Wells Fargo Price History
Many financial institutions are still dealing with the lingering effects of the 2008 financial crisis that left their reputations soiled and have kept scores of market participants at arm's length.
Now, day after day, these banks are still saddled with troubles as they struggle with Eurozone exposure, uncertain global markets, mounting regulatory measures , and the newest scandal — the Libor manipulation probe.
But there is one big bank that appears to be a bright spot in this otherwise dreary sector: Wells Fargo (NYSE: WFC).
"I like Wells Fargo better than anything by far. We have been buying Wells Fargo month after month for a lot of years. Among the big banks, I think it is the best," financial wizard and Berkshire Hathaway Inc. (NYSE: BRK.A, BRK.B) CEO Warren Buffett told Bloomberg TV in a recent interview.
Buffett's infatuation with Wells Fargo goes way back. The Oracle of Omaha has been buying shares of Wells Fargo since 1990, when he purchased his first lot of around 5 million shares for some $289 million.
Since 2005, Buffett has been adding to his stash every year. Even during the height of the financial crisis in 2008, when no one wanted to touch any bank stock with a ten-foot pole, Buffett pick up another million shares of Wells Fargo stock.
The investment guru has famously held, "If a business does well, the stock eventually follows," which is no doubt what Buffett sees in Wells Fargo.
Today it is Berkshire's third- largest holding – meaning it is time for you to consider what this bank has to offer.
Wells Fargo Earnings Reveal Strength
It's easy to see why Buffett is enamored with Wells Fargo stock.
Just last week, the legendary San Francisco- based bank reported solid second- quarter earnings. Profits rose 17%, and earnings beat estimates by a penny coming in at 82 cents a share.
That was a stark difference from second- quarter reports from the likes of JP Morgan Chase (NYSE: JPM), which reported a $4.4 billion loss for the quarter amid a $5.8 billion loss; Goldman Sachs (NYSE: GS), which saw its profits shrink 11% in the second quarter; and Bank of America (NYSE: BAC), which revealed interest income fell 15% along with a steep falloff in its equity business.
Wells Fargo attributed its stellar gains in the quarter to a sharp uptick in mortgage applications, which jumped 90% from the same quarter a year earlier to $208 billion. That increase was three times what JP Morgan recently reported.
Credit also goes to an increase in average deposits while the bank has minimized deposit costs. Average deposits swelled $9 billion quarter-over-quarter to $925 billion as the firm's cost of deposit fell 0.19%.
In addition, improved credit quality continues to foster improved loan delinquency rates, and in turn, earnings. The bank continues to sustain delinquency and foreclosure rates lower than its competitors.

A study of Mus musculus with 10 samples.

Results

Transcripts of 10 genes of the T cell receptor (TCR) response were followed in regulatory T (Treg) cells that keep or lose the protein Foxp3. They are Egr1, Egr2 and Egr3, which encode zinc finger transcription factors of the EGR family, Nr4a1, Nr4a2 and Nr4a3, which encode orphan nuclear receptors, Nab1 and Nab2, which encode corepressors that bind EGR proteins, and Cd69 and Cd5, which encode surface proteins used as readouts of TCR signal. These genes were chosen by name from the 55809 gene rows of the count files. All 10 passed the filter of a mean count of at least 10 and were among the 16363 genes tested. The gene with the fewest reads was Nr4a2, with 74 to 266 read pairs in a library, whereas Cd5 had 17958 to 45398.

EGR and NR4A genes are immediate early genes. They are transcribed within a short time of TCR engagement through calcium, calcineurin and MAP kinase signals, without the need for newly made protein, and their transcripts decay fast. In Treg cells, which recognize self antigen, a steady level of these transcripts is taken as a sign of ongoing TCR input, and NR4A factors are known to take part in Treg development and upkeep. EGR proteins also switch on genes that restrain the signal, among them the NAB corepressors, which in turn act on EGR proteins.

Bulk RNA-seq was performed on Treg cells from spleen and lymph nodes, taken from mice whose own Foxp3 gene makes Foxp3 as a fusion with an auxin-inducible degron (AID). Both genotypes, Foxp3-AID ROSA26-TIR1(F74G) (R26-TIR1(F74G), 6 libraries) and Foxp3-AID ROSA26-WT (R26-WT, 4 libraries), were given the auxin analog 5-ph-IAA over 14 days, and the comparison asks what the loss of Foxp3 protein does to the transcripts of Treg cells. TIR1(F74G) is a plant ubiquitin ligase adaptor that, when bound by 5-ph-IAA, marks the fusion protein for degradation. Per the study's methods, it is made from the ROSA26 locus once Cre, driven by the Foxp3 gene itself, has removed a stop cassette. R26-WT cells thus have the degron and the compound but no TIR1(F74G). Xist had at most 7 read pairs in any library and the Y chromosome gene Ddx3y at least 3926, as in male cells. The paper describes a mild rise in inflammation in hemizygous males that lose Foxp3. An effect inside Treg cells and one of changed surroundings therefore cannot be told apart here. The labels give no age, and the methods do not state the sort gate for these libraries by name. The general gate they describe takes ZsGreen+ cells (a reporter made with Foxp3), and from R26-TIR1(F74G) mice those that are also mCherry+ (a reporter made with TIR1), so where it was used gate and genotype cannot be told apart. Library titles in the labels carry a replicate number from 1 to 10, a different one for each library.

But comparing Wells Fargo to other bank behemoths is like apples and oranges: they all operate with a different focus.
Wells Fargo is unique from its mega-rivals in that it doesn't rely on "creative" and high-risk investments for earnings. Wells Fargo makes money the old fashioned way, with earnings from steady kinds of businesses like commercial and retail lending, retail banking and asset management.
It has shied away from the kind of precarious exposure other banks have in risky global capital markets.
Wells Fargo Stock Rewards Shareholders
Wells Fargo gets a pat on the back for its willingness and long- standing policy of returning cash to shareholders via buybacks and dividends.
WFC's dividend yield is 2.6%, Wells Fargo stock is currently trading with a price/earnings ratio of 11.24, lower than the average of the S&P 500, which is 15 times earnings.
The bank is a solid company with a rich history that traces its roots back to 1852. Over the years it has grown to become the fourth largest bank in the United States and the third largest U.S. retail brokerage firm.
Despite its global presence, it continues to maintain a "local" bank feel – something much more enticing than some other banks' global conglomeration vibes.
Easily recognized by its iconic trademark stagecoach pulled by galloping horses, Wells Fargo doesn't feel the need to modernize its logo. But the storied bank is not dragging its feet when it comes to progress, and always has its eye on the future as reflected in its slogan, "The Next Stage."
In an effort to keep happy its growing list of wealthy clientele, who depend on Wells Fargo's private bank for investment advice, and to appease corporate clients who rely on the bank for lending and additional services, Wells Fargo is expanding its presence in capital markets.
Wells Fargo's recent numbers show that all's well at the bank. Banking on Wells Fargo looks like a good Buffett move to ape.
Wells Fargo stock is up 23% so far this year. The one-year price target on The Street for Wells Fargo stock is $38.47, a 12.7% premium to Tuesday's closing price.